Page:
Relay to turn on amp using 12v trigger - diyAudio

I have (will shortly have in truth) a 12V output on my preamp and want to use it to turn on a power amp I am working on.

I guess that I should set the power supply up as follows: IEC socket > Fuse > Manual Switch > Relay > Transformer > ...

However, this will mean that the amp will be off without 12V. I do not want to set things up so the manual switch can be off but the amp will be on due to the relay (it would be dangerous in my opinion). I have been thinking I need a second manual switch that 'bypasses' the relay.

Can anyone say how this is 'normally' done?

Also I would assume it is best to switch the active and neutral at all switch points (relay included) too. Finally, I propose to put a power socket on the back of the Amp to power my crossover. It would go in at the same point in the circuit as the transformer. Comments?
macboy is offline macboy  Canada

I believe the standard connection for a 12V trigger wire in hifi is a mono 3.5mm headphone style socket. Is this right? I have for example checked out a Rotel manual that says:
TRIGGER OUT jacks to the 12 volt trigger input of a Rotel amplifier, using a cable with mono 3.5 mm mini-plugs on both ends. The +12 VDC signal appears at the “tip” connector.
I assume this is the headphone plug we know and love. A Rotel Amp manual says:
With the switch in the 12V TRIG. position, the amplifier is turned on automatically when a 12 volt trigger signal is applied to the 3.5mm Jack labeled IN. The front panel POWER SWITCH overrides this function. It must be ON for the +12V trigger to work. Turning the switch OFF cuts power to the amplifier, regardless of whether or not a trigger signal is present.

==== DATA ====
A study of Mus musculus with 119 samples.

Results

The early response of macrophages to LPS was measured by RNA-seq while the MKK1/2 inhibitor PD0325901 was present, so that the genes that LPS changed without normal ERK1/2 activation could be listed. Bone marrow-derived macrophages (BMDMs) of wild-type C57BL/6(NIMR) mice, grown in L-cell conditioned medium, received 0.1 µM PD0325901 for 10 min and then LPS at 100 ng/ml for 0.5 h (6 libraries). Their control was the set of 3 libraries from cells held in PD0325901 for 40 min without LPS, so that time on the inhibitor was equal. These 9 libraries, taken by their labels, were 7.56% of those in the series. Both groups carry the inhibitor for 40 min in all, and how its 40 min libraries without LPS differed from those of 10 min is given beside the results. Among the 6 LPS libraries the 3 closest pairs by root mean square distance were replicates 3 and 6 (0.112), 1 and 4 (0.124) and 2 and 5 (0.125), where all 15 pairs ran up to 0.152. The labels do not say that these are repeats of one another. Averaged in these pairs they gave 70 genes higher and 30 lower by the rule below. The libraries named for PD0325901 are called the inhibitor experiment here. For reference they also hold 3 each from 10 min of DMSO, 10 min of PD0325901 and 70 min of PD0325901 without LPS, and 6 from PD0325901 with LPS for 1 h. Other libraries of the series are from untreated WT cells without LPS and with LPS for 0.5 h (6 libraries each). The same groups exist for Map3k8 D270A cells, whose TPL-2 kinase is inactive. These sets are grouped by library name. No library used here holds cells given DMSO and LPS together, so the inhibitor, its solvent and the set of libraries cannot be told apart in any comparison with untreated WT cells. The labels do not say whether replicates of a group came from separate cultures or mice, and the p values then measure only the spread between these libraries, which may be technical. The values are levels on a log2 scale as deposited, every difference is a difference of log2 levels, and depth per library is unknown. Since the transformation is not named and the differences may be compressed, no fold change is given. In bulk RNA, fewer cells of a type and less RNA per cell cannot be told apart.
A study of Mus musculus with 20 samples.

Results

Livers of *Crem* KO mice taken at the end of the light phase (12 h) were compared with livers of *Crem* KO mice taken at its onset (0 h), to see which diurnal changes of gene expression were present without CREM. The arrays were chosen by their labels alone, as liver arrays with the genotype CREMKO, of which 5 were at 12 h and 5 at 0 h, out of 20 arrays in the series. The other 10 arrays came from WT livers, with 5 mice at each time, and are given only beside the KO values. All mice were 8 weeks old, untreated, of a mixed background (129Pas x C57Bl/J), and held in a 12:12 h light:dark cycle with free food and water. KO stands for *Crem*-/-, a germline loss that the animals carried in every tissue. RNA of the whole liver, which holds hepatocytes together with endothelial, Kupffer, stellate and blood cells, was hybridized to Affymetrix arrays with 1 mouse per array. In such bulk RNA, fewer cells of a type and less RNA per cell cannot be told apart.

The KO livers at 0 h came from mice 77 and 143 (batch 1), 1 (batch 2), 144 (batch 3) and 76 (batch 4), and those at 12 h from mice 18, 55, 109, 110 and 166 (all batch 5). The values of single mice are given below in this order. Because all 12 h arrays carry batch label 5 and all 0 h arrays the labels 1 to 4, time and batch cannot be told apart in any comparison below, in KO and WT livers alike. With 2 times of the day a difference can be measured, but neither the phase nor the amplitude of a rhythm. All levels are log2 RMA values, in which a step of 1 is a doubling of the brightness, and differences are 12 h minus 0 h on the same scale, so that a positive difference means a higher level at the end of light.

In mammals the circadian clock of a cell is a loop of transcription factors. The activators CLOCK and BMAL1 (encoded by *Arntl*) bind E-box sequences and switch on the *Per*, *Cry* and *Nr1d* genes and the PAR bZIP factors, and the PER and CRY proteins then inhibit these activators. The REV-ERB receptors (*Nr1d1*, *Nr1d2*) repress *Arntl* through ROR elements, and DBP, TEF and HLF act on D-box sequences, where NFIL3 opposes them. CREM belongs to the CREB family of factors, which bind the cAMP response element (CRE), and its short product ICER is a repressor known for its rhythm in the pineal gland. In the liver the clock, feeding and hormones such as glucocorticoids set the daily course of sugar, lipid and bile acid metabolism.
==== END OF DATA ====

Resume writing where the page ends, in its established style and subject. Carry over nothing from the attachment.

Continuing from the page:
I would prefer not to use a front panel switch though (I am containing all the 240V wiring in a metal enclosure inside my amplifier enclosure which is likely to be wood). I suppose I could, to increase notification of the amp's power on status, add power LEDs front and back.

Last edited by Mickatroids; 27th June 2012 at 09:42 PM. Reason: Formatting
macboy is offline macboy  Canada
Originally Posted by Mickatroids View Post
I could mark the switch clearly as 'On-On' I suppose. I have an IEC socket with integrated fuse holder and switch which would ensure (for example) that no-one would start trying to change a fuse while the amp was on.

I believe the standard connection for a 12V trigger wire in hifi is a mono 3.5mm headphone style socket. Is this right? ...
Many IEC sockets with fuse holders that I have seen have a lockout that prevents the fuse from being changed if there is a cord in the socket, like a sliding cover that can only slide away when the cord is not there.

I think that the 3.5 mm jack is very common for a trigger, with +12 V on the tip. Try to isolate the jack's sleeve/ground from the chassis or other grounds in your system (to help avoid ground loops).

A "power" LED is a good idea, and you could add a "standby" LED too. That would indicate that AC is present but the amp is off due to the trigger state. Consider powering the "standby" LED from the normally closed contact on the relay, and the "power" LED from the overall switched power (i.e. the normally open contact of the relay).

My fuse holder is of the type you describe. However the integrated switch is DPST so I am going to need a second switch after all.

My plan now is to make it clear that the switch on the IEC/switch/fuse combo is the master switch and to include a green LED that is on whenever that master switch is on. I will then create two 'paths' from the switch to the transformer. One via a relay and one via a second switch.

It does occur to me though that with the second switch and relay being DPDT there is the possibility of unused terminals becoming live. For example if the trigger bypass is engaged (so the amp is always on) and the relay is off the unused terminals of the relay will be live. I will insulate them and the switch terminals accordingly!

Edit: thanks for the tip on ground loops!